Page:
The class of UA92: Uni’s coming home

The England boys couldn’t quite bring it home, but a new higher education start-up might. Will University Academy 92 be game-changing?

The words ‘innovative’ and ‘unique’ are nearly ubiquitous in university marketing circles. They litter press releases, newsletters and website copy alike. Hype rarely matches substance – with 162 higher education institutions in the UK, few can be genuinely ‘unique’. But University Academy 92 (UA92) might just be an exception. After all, how many other institutions can claim Lancaster University and Gary Neville as founders? UA92, which is due to welcome its first students in September 2019, aspires to offer more than a degree. It advertises an education that is embedded in, and looks forward to, working life through partnerships with leading companies like Microsoft; aiming to untangle clichés about academic education as an ivory tower and instead stress the employability of its graduates. As Craig Gaskell, incoming Principal and CEO, argued: “It’s about helping people get into roles, developing broad-base skills that employers will value. Strong communication skills, resilience, emotional intelligence – these will be a core emphasis.”

Craig knows a thing or two about employability. He comes to UA92 off the back of successfully founding the start-up institution CU Scarborough, an offshoot of the University of Coventry, in four years; taking it from concept through to “deliver[ing] a £30 million building in a £50 million campus, and graduating our first students”. A core pillar of UA92, as with CU Scarborough, is social mobility: encouraging students who might not have considered higher education to attend and bequeathing a positive surplus of graduates to deprived areas. “It’s about ensuring there’s really high education in this part of the world,” Craig commented. “It provides opportunity; it creates an alternative.”

The degree offerings at UA92 have been similarly chosen because they offer graduates a variety of potential avenues to employment. Spanning media, business, psychology and sport, they are supported by a ‘golden triangle’ of expertise: industry experience from Microsoft; academic excellence from Lancaster University; and UA92’s unique selling point – the ‘Class of 92’, compromising the ex-footballers and pundits Gary Neville, Ryan Giggs, Nicky Butt, Paul Scholes and Phil Neville.

It’s not as unlikely a mix as it first appears. Though the ‘Class of 92’ rose to fame through their footballing talent, representing England and Manchester United throughout the ’90s, since retiring all five have forged impressive careers as managers, commentators and entrepreneurs. Gary Neville and Ryan Giggs even opened a luxury hotel in 2015 opposite Old Trafford called – what else? – Hotel Football. Craig is keen to stress that the disparate elements of these ex-footballers’ careers cohere in UA92: “It’s not a football university at all. Sport is an important part of the offering, but it’s experience of personal development that’s really valuable. Making the most of your talents, performing at the highest level, these things aren’t tied to sport; they’re vital life skills.”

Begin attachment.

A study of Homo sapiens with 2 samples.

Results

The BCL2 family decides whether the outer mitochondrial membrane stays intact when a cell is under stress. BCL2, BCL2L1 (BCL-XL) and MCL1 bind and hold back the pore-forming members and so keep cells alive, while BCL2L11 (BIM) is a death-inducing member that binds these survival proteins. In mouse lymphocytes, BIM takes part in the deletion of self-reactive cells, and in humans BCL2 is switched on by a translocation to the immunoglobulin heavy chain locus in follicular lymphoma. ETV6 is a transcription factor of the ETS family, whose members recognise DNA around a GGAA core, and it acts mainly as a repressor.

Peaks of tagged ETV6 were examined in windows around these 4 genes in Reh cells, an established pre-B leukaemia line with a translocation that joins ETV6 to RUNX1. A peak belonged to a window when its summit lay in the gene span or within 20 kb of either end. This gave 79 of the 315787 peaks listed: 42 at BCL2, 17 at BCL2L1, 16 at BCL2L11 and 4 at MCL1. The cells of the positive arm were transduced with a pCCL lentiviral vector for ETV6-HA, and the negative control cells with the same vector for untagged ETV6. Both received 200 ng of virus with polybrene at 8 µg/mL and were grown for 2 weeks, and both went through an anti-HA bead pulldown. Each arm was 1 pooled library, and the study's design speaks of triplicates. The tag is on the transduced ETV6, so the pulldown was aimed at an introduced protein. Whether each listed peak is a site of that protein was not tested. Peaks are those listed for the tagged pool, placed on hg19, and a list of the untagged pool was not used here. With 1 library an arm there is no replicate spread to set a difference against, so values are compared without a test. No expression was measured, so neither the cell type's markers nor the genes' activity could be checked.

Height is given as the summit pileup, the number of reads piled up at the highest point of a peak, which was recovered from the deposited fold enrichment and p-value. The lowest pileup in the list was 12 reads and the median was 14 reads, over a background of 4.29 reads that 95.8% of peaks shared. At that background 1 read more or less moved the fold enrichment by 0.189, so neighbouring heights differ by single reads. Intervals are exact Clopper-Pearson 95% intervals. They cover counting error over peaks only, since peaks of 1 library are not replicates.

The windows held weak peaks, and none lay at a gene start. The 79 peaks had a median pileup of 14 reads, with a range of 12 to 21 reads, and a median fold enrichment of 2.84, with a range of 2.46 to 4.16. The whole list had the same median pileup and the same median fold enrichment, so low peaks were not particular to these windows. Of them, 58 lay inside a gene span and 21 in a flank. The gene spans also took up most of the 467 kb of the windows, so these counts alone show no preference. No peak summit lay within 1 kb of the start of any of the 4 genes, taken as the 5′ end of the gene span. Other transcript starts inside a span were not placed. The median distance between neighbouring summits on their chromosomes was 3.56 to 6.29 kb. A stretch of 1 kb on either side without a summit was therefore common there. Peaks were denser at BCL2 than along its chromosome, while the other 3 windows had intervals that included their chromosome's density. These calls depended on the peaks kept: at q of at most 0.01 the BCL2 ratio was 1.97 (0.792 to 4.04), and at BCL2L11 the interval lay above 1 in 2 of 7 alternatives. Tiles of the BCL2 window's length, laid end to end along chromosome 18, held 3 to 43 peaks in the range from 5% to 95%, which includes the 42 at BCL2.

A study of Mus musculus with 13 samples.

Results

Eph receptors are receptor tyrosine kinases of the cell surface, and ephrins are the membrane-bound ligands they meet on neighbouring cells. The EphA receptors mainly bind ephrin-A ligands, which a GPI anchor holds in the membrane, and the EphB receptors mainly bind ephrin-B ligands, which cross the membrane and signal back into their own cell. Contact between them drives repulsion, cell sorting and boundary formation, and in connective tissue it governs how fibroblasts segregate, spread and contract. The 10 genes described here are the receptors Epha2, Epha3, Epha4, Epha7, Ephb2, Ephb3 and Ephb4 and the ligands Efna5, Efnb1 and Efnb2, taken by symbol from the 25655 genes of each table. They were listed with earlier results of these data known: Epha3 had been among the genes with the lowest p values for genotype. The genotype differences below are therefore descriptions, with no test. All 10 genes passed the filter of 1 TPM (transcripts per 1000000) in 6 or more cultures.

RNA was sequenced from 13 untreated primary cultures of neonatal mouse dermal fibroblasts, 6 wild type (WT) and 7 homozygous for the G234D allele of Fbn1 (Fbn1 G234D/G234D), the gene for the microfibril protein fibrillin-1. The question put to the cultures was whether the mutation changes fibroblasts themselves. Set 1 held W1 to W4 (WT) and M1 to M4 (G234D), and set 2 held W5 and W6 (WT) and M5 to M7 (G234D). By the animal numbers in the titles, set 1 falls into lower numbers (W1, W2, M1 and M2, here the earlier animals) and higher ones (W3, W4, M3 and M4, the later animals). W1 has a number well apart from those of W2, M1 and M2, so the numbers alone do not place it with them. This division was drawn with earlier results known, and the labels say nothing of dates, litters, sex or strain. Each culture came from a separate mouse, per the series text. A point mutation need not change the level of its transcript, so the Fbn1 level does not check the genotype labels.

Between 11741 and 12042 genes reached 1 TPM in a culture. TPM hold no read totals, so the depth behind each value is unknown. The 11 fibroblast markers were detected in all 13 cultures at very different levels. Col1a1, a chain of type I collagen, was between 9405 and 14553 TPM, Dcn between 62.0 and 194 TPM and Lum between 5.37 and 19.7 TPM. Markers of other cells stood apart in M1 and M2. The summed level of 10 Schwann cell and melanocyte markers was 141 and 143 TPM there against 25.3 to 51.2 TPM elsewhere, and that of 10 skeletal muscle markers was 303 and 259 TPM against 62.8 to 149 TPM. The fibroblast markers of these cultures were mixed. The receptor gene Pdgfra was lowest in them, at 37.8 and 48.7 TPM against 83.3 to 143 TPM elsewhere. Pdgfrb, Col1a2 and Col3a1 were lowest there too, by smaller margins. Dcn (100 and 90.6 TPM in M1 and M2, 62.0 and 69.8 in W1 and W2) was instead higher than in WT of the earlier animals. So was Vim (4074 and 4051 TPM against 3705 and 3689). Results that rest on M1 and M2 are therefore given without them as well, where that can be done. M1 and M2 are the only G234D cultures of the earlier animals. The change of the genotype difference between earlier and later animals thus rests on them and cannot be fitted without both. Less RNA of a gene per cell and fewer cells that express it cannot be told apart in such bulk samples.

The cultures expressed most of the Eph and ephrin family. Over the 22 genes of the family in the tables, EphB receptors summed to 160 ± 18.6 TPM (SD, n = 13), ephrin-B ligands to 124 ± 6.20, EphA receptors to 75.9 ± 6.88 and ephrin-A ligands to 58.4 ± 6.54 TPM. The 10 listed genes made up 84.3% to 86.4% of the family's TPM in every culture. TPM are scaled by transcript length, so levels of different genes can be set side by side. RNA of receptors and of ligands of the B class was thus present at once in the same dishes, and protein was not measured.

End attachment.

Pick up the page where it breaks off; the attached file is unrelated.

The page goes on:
Those life skills are nurtured at UA92 through its “target talent curriculum”. Based on the belief that employers look for emotional intelligence as much as academic ability in their graduates, it works to cultivate the ‘soft skills’ that are so often neglected in the scramble from school through university to working life. Students can expect to take five modules alongside their degree which focuses explicitly on their personal development, cultivating problem-solving, ethical leadership, communication and self-discipline. As Professor Simon Guy, Interim Principal, notes: “as well as giving you the specialist knowledge you’d expect from an academic education, we want graduates prepared to take on the world.”

Inclusivity is also central to UA92’s ethos. “UA92 is a deliberate attempt to offer something different to prospective students,” Professor Mark Smith, Vice-Chancellor of Lancaster University, said. “It’s designed to attract people who might not otherwise have chosen university.” This approach is admirable: despite the ongoing debate around the costs of higher education in the UK, most research suggests that graduates earn more over the course of their lifetimes. A BBC analysis found that, on average, university pays: female graduates are likely to be better-off by £250,000 over the course of their lifetimes than their peers who didn’t go to university; for men that figure is £170,000. Students shouldn’t be put-off this potential windfall by the perception that university is an unwelcoming and intimidating environment, or that it neglects employability.

University, though, offers something more intangible than financial reward, Craig suggests. “Until people have gone through the higher education journey, you can’t take intellectual and character development for granted. It’s like climbing a mountain: once you’ve gone on that journey you see other peaks, other vistas. The world looks different.” As for whether the world needs another university – even one backed by such starry names as Ryan Giggs and Paul Scholes – Craig is confident that UA92 is different. “The world doesn’t need another university like all the others; that’s why UA92’s approach is so important. I think what we’re doing will inform the rest of the sector.”